Nepal’s politicians are prone to hyperbole, and every decade or so they have a habit of declaring that no Nepali will have to go abroad to work.
A more realistic goal would be to make migration as safe as possible, eliminate exploitation and abuse by fellow Nepalis and unscrupulous employers in destination countries, and upgrade migrants’ skills so they earn more. Migrant workers need to be treated with respect at the departure and arrival desks at the airport, as befitting their vital role in propping up this country’s economy.
We are stuck with labour migration for the foreseeable future, and we have to make the best of it. There are signs that under Labour Minister Gokarna Bista, economic diplomacy has moved into high gear. Nepal has been playing a leading role on migration matters in South Asia, starting with the declaration at the 2015 SAARC Summit in Kathmandu of Article 21, which enjoins regional countries to collaborate for the welfare of migrant labour in destination countries.
To a greater or lesser degree, all South Asian labour exporting countries face the same problems of exploitation by middlemen, cheating by employers – as in the recent case of 44 Nepali women tricked into sewing jobs in China, and others rescued from a night club in Mombasa. Although Nepali workers seem to be disproportionately affected by Sudden Death Syndrome because of heat stress, all South Asian workers have higher fatality rates for young men in that age group.
Despite the hardships, Nepalis have a good reputation for hard work. Perhaps because of this, they are assigned to dangerous work on high-rise scaffoldings. Increasingly, Nepalis are also moving into the service sector and managerial positions, taking over from Filipinos.
Yet, the challenges for countries heavily dependent on migrant labour, like Nepal, are growing. They include trafficking of women, and men, as in recent cases in Kenya and Libya. Tensions are brewing between Qatar and the UAE/Saudis, as well as the Saudi-Iranian conflict, an ‘Emeritisation’ happening in the UAE, and East and West African labour are displacing traditional Nepali jobs in construction and security in the Gulf. (The Kenyans come across as smarter, better-dressed and with English competence.) All these events serve to remind us that dependence on remittances is fragile, and we must have a Plan B.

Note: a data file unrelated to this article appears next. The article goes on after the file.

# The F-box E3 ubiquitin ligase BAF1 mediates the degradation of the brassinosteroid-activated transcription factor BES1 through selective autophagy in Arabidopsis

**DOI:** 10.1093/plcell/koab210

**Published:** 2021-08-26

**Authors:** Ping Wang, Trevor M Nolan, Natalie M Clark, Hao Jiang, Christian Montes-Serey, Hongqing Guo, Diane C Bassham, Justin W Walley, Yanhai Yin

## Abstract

The idea of developing skills for Nepalis before they go overseas has been limited to rhetoric, despite tens of millions of dollars spent by donors and the government.
In this issue, we examine Sudden Death Syndrome, and how the climate crisis will make heat stress a matter of life or death for Nepali workers in the Gulf (page 14-15). Sudden death is classified as ‘natural’ and not ‘workplace related’, preventing workers’ families from collecting insurance. The Nepal government must insist on autopsies of dead workers to pinpoint cause of death, or perform them on bodies when they arrive in Kathmandu. The coffins are also not handled with respect when they arrive via the regular baggage channel at Kathmandu Airport.
The Foreign employment Board has now upgraded its curriculum on pre-departure training to make it more relevant and country-specific. That is a welcome step to making migration safer. Let us also make it more worthwhile.
10 Year Ago This Week
In Nepali Times 10 years ago (issue #462 of 31 July - August 6) we are reminded that there is nothing new about the annual emergency Nepal faces during the monsoon. The only difference is that it is getting worse. Excerpt from the page 1 report:
‘When it rains it pours. As if the political crisis wasn’t bad enough, Nepal is going through a multi-layered economic and development emergency.
But roaming the corridors of power in Singha Darbar, you wouldn’t know it. There is a cholera epidemic in western Nepal, the winter drought that destroyed the wheat crops was followed by a delayed monsoon that decimated maize and rice.
This is bound to make inflation of essential food commodities even worse. It is already running between 20 and 50%, defying all economic theories, and despite the open border with India where inflation is single digit.’